Pastel Pointers | Determining Why We Paint What We Do

What motivates an artist to create is based in a deep-seated desire to communicate. The subjects portrayed and techniques utilized are uniquely personal and reflect our diversity. The earliest images represented in prehistoric cave paintings typically depicting animals and hunting activity, a crucial aspect to everyday survival. During the cultural rebirth of the Western Renaissance period, the depiction of biblical and social allegory became popular. The next several centuries saw additional artistic genres come into fashion in the spirit of subsequent social evolution. Most of these continued to place humans at the forefront. While the landscape may be represented, it was merely there as a backdrop for the story of the painting, not the main character.


Here, Richard McKinley’s friend, Jan Olson, who continues to work in spite of an approaching storm, demonstrates how the motivation to capture a beautiful landscape sometimes demands that we brave the elements.

This trend began to change with the advent of Western Industrialization. Coinciding with society’s recognition of a need for environmental conservation in response to the filth of the factory, were scientific break-throughs that provided a better understanding of color theory and the introduction of new pigments that better represented the sunlit landscape. During this time frame the work of British pastoral painter John Constable influenced a young generation of French artists to paint the landscape—directly from nature. These young painters, lead by Jean-Baptiste-Camille Corot, became known as the Barbizon School, the name reflecting the region of France in which they painted. Their efforts laid the groundwork for what was to become the contemporary landscape plein air painting movement. Subsequent generations have continued to reflect the personal, cultural, and historic influences of their time, bringing us Impressionism, Expressionism, and the Abstract Movement.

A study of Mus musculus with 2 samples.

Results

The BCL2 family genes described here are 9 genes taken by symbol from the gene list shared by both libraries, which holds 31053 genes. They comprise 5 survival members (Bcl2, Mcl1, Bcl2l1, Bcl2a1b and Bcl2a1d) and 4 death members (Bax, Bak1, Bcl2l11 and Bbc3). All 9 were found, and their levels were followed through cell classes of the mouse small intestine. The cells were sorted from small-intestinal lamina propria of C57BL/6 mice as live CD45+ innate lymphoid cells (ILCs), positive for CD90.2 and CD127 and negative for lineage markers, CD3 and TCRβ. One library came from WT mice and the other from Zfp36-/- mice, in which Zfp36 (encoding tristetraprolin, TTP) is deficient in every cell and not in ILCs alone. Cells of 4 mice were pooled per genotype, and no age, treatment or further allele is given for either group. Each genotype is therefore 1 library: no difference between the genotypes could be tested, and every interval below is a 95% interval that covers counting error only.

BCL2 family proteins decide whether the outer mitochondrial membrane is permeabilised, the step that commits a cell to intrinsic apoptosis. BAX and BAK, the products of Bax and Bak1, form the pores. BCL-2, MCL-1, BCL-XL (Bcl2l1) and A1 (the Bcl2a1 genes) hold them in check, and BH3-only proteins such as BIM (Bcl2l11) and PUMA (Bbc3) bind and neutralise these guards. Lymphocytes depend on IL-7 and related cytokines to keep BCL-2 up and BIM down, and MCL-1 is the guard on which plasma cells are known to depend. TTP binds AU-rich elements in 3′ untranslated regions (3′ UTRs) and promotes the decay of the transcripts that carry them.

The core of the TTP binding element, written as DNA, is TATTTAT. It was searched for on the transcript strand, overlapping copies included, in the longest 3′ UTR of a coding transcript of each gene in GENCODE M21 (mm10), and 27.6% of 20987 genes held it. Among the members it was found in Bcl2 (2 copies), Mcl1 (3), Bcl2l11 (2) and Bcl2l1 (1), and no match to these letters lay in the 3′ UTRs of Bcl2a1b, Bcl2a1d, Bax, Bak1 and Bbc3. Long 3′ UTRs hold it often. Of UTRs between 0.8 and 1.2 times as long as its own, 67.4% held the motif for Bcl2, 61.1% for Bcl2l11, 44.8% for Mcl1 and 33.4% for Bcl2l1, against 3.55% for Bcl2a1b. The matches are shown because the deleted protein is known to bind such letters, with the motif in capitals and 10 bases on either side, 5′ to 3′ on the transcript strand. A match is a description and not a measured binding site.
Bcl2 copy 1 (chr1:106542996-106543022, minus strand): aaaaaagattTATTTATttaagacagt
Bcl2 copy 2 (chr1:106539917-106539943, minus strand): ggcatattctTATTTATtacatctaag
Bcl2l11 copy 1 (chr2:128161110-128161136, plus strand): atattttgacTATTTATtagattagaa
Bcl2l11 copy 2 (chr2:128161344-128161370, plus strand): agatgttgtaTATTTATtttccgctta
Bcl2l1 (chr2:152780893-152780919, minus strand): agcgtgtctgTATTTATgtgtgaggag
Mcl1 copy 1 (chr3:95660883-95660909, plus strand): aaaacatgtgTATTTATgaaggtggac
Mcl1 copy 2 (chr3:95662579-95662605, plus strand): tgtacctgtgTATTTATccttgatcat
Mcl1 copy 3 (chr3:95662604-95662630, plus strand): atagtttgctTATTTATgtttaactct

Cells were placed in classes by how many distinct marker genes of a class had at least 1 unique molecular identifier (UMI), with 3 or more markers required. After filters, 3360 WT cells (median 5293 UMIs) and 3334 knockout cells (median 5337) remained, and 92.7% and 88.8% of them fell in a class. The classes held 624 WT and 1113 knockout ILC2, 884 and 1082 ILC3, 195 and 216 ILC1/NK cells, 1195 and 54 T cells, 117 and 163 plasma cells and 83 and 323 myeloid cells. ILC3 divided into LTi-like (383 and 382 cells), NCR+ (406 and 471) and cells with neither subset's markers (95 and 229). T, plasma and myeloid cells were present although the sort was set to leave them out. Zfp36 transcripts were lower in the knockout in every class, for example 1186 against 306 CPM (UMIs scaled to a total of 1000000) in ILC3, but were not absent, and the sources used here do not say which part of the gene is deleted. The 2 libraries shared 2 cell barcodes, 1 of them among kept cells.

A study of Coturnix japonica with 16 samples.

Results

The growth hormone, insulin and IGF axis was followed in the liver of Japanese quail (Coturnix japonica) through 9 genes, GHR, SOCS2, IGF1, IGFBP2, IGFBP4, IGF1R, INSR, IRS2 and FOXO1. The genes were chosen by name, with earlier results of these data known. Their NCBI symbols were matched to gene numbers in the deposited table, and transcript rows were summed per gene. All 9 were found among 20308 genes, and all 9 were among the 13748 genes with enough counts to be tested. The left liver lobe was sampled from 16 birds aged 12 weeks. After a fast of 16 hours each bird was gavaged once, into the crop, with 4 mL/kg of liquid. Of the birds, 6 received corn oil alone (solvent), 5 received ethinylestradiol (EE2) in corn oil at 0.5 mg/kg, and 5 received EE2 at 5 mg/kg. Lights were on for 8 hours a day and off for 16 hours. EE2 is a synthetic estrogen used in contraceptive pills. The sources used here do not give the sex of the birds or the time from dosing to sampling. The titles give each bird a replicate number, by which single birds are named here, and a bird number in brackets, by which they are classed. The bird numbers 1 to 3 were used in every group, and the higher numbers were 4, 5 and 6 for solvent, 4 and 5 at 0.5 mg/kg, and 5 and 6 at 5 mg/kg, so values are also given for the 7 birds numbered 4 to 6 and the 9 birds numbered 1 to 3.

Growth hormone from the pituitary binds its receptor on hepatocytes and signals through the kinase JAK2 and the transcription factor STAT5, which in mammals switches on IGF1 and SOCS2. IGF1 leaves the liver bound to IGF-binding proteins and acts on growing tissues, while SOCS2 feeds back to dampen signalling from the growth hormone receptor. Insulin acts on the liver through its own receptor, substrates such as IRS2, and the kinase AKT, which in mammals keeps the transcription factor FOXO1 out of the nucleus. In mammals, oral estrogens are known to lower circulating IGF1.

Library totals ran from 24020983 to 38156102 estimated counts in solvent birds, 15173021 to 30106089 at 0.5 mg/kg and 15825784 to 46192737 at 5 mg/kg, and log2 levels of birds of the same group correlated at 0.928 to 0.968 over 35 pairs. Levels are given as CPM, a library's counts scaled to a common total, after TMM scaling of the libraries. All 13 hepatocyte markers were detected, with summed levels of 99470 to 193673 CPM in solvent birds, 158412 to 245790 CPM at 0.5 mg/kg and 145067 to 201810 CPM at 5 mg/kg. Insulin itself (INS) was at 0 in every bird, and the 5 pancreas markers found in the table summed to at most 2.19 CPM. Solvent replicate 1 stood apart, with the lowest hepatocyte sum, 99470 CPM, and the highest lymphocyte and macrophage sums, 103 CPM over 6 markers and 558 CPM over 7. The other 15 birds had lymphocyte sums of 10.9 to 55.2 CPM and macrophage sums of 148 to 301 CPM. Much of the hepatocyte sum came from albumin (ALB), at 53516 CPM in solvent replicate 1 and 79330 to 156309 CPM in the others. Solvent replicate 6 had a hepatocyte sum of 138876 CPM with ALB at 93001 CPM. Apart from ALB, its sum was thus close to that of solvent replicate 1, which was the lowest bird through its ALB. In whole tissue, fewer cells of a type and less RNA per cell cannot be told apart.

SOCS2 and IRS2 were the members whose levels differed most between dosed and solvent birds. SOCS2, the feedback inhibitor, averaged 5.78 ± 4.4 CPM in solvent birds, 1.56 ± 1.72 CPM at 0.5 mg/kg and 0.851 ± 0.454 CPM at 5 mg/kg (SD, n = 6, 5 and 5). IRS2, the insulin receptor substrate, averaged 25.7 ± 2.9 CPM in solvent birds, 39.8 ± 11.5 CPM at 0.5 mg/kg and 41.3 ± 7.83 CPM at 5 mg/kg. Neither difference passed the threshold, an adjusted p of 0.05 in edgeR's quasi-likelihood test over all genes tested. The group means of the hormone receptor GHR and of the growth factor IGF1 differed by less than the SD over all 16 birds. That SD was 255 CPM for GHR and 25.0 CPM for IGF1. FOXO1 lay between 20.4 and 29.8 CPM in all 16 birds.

No matter with which genre you more closely associate, one thing is clear: We all have to find our inspiration, the driving force behind why we paint. The better we understand it, the easier it is to develop the skills required to communicate intent. Whether our goal is to reflect the way we see the world, or to portray the way we wish it to be, how it makes us feel, or the way we want others to feel. Knowing “why” will provide the answers as to “what” to put in, “how” to do it, and “when” we are done.

I was recently reminded of why we paint what we do. While on the beautiful Minnesota shore of Lake Superior, Jan Olson, a pastel artist and good friend of mine (see photo), was the sole remaining student to stand strong against a thunderstorm that had driven the rest of the group back to the classroom. As she steadfastly held her ground against the wind and approaching rain, I silently stood next to her, witnessing the beauty of the light play across the sky and water. After a few minutes, Jan quietly said, “How special it is to be witnessing this. This is why I paint the landscape.” As I nodded in agreement, a bolt of lightning flashed. Mother Nature had let us know it was time to pack up, but Jan had captured the moment!